In a famous children's story (you might have heard of it) the main characters are two people who like each other: one chases after the other and the other runs away. Then there is an “uh-oh,” and the chaser becomes sick of chasing and goes away.
The one who usually runs away then realizes they are not being chased, and fights for the affection of the chaser. Finally, they live happily ever after.
This is pretty much the basis for every romance story ever told, right? So, let’s take a closer look at the similarities in how this storyline plays out in many, if not all, of our real-life relationships.
The part of the story I am most interested in shining a light on is around attachment styles and how they can affect the way we think, feel and act. Attachment styles are learned very early in life and continue to play out in all of our relationships. There might have been one defining moment or many; the point is that somewhere along the way you learned this was the way to love and be loved.
If you think of the chaser in the story as someone who needs attention and can have lots of big feelings, you could say many of the princesses in famous stories fall into this category. But, of course, in real life people of all genders can fit this description.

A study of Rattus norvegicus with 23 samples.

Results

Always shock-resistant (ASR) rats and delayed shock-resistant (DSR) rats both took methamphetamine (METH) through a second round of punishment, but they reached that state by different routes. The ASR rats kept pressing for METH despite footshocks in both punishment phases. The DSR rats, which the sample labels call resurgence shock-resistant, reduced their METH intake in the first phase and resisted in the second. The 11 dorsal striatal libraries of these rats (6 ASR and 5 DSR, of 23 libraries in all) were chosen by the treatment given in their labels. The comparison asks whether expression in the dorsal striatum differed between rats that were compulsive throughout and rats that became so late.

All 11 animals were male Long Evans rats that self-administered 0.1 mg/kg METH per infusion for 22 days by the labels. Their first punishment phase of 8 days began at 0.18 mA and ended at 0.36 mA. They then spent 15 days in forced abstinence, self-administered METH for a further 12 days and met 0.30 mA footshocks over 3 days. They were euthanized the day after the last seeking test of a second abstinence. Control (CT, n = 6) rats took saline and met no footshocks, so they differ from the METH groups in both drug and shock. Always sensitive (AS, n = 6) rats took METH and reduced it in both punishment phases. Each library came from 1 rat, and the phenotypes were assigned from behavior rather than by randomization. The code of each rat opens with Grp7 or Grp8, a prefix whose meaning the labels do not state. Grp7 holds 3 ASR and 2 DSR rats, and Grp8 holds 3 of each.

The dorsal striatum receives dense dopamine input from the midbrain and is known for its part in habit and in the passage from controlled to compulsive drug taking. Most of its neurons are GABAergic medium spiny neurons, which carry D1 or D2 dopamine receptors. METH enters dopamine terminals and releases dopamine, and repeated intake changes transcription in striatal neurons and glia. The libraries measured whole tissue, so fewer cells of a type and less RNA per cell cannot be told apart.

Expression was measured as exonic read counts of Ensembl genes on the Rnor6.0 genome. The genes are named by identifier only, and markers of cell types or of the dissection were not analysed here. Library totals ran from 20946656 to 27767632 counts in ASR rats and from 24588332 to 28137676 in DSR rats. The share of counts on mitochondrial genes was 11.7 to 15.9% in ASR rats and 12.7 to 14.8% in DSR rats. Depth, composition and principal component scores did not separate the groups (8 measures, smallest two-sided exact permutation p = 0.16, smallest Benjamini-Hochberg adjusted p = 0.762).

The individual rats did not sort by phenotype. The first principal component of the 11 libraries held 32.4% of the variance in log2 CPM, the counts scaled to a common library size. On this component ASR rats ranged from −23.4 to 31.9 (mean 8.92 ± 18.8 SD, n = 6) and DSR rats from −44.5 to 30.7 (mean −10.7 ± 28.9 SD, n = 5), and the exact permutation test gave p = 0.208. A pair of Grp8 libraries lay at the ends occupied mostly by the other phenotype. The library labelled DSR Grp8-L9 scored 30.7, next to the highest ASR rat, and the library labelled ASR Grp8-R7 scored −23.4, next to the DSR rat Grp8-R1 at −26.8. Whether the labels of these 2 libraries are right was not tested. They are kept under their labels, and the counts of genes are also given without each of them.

When someone becomes upset they stomp their feet and run away, except when they run away and you do not follow (or even worse, you run away), they become more upset and may try harder to earn your attention in seemingly unhelpful ways. This person has a lot of fear that you will leave and never come back.
Think of the runner in this story as someone who lives in a castle. The more the runner feels pursued or poked at, the deeper into the castle they go. Maybe it reminds you of a certain beastly character in a recent movie remake?
The runner does not want to be followed; they truly need space before they can return to connect with you. This person has a lot of fear that they will not be able to be their own person or that they will be smothered and swallowed whole by the other person’s feelings. Autonomy is very important to this person.
You might recognize these characteristics as those of your own or your partner, or even a friend or parent. If you notice an argument heading in this direction, try something different to achieve different results.
If you are usually the chaser, try to notice when your anxiety begins to take over. If you are the partner of a chaser, see if you can follow them with love when they run away.
If you are usually the runner, take some time to notice when the wall comes up. If you are the partner of a runner, see if you can give them some time alone without poking at them about it.
Keep in mind there is no right or wrong way. It is really about recognizing this exists within each and every one of us, and making a bit more room for each other’s needs.
Niseema Emery is a certified intimacy and relationship coach in Powell River.